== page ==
Time traveling is something that all of us wish we had access too, I’d go back to third grade during the pledge of allegiance when Patrick Quin threw up all over my back mid pledge. Shoutout to Patrick if you’re reading this, hope all is well. If I had the steady hands and the technology to pull of a procedure like time travel I’d be super selfish. Sure, I’d help some folks along the way but I’m mostly gambling and redoing all my mistakes and avoiding a few questionable relationships on my way. Well, I’m certainly not sold that all this time travel is true, theoretically, some smart people think it’s possible but again, that’s all in theory. Here are 11 of the most well-known and downright bizarre claims of time travel.
1. Pilot sees plane that’s not invented
Air Marshall Sir Robert Victor Goddard was sent to inspect an abandoned airfield in Edinburgh in 1935. It was dilapidated, of which he made a note. He got back in the cockpit of his plane and took off. Heavy rain and low visibility prevented him from going too far, so he turned around and headed back to the airfield to wait out the storm. As he approached the landing strip, though, something very strange happened. The clouds cleared and he saw that the previously abandoned land was now bustling with mechanics in blue jumpsuits. There were four yellow planes on the tarmac, and one of them was a kind he had never seen before. Keep in mind, this guy was a military pilot. He was pretty familiar with all the different plane models available at the time.
Goddard was obviously extremely confused until about four years later, he was sent back to the airfield. Far from being abandoned, it was now in full use, complete with blue-jumpsuited mechanics and yellow planes. And sitting on the runway was the plane he couldn’t identify in 1934: a Miles Magister. The Magister was first manufactured in 1937, three years after Goddard recalls seeing it.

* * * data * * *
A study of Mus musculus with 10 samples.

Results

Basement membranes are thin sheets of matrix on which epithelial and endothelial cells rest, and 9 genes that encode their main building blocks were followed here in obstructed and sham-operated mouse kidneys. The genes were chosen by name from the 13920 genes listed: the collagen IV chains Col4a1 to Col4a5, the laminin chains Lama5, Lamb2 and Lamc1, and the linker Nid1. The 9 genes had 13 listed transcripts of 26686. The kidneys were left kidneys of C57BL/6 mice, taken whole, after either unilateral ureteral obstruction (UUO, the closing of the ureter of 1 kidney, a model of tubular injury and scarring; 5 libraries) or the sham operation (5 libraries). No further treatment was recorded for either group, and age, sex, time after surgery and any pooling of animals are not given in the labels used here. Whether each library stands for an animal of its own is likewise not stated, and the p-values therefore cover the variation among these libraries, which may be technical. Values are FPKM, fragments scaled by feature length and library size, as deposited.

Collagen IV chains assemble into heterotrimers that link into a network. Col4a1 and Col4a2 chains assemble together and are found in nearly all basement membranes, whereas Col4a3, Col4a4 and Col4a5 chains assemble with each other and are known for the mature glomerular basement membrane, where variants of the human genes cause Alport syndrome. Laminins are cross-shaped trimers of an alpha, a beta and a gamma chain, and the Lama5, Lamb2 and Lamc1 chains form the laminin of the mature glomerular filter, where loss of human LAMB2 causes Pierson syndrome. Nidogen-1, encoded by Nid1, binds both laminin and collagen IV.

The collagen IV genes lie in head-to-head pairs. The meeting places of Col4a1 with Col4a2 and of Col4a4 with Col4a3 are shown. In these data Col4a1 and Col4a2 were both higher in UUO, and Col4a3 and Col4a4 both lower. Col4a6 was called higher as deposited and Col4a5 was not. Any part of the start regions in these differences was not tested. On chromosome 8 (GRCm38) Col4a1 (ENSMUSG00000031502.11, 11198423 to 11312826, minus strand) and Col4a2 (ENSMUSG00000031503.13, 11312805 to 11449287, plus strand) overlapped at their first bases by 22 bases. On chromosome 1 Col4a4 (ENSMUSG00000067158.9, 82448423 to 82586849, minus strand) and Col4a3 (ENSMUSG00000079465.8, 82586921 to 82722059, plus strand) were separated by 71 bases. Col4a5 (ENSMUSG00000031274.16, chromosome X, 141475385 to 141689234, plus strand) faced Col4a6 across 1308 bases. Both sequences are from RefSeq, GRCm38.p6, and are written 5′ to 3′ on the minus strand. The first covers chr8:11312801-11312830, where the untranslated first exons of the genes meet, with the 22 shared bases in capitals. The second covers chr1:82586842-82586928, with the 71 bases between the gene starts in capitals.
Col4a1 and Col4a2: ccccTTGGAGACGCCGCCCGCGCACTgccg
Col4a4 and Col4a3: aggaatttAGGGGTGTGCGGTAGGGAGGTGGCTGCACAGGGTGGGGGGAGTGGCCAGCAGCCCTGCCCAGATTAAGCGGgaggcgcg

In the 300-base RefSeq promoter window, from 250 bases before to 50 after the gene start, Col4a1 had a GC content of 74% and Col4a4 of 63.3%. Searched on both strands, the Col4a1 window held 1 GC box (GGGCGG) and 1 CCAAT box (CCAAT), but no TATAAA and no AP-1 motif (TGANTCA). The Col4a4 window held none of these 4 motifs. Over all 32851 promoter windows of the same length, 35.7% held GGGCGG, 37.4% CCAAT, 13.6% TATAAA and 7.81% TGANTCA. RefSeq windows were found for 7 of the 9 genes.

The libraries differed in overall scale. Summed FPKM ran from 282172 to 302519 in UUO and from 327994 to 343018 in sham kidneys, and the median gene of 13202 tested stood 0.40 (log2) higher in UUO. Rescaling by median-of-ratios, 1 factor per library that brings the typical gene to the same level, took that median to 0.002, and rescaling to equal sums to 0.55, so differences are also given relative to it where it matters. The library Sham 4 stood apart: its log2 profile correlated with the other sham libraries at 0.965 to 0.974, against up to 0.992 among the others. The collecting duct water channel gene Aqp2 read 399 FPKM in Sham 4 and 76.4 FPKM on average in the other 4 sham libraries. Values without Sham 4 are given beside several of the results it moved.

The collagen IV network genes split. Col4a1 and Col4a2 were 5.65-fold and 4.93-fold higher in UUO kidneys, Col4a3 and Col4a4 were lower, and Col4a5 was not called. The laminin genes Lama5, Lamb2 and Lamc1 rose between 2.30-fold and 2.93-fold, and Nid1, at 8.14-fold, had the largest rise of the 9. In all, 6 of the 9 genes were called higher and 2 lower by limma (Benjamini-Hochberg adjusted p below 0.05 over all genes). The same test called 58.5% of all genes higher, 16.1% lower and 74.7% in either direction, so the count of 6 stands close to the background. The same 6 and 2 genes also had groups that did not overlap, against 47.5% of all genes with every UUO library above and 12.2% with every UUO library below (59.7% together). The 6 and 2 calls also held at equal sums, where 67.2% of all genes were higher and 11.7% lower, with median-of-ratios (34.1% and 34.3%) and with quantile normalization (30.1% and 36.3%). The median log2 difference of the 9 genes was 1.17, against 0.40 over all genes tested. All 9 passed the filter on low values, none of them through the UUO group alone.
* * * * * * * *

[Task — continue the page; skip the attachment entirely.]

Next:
2. Two professors stumble across Marie Antoinette at her palace.
In 1901, two professors from St. Hugh’s College in Oxford, England, went to visit the Palace of Versailles. Versailles was the French royal home until the monarchy was abolished in 1792. Marie Antoinette, one of the last royals to live there, was executed in 1793. So on that day in 1901, when professors Anne Moberly and Eleanor Jourdain were walking the grounds of the palace, it’s pretty safe to say they did not expect to see Marie Antoinette in the flesh just chillin’ on a stool outside the home which was a private retreat built for Antoinette by her hubby Louis XVI.
And yet, there she was, sitting and sketching and completely oblivious to the fact that two women were gaping at her and all the other people in 1780s period attire who had appeared just as suddenly as Antoinette. Antoinette and everyone else disappeared when a tour guide approached Moberly and Jourdain. Together, they wrote a book, An Adventure, about their experience, and the story gained notoriety because of how grounded it seemed.
3. Journalist experiences air raid over 10 years before it happened.
Journalist J. Bernard Hutton and photographer Joachim Brandt were sent by a German newspaper to do a story on the Hamburg shipyard in 1932. It was an uneventful visit until the bombs began raining down. Hutton and Brandt realized they were caught in the middle of an air raid and high-tailed it out of there, but not before snapping some photographs. When they got back to the center of Hamburg, no one believed their story. They developed the photos they took, intending to prove to everyone that they weren’t crazy. In fact, they proved the opposite: the photos showed no signs of an air raid.
Eleven years later, Hutton was living in London when he opened up a newspaper and probably nearly spit his coffee across his desk. There was a story about Operation Gomorrah, an air raid on Hamburg. The accompanying photos looked exactly like what he experienced in 1932.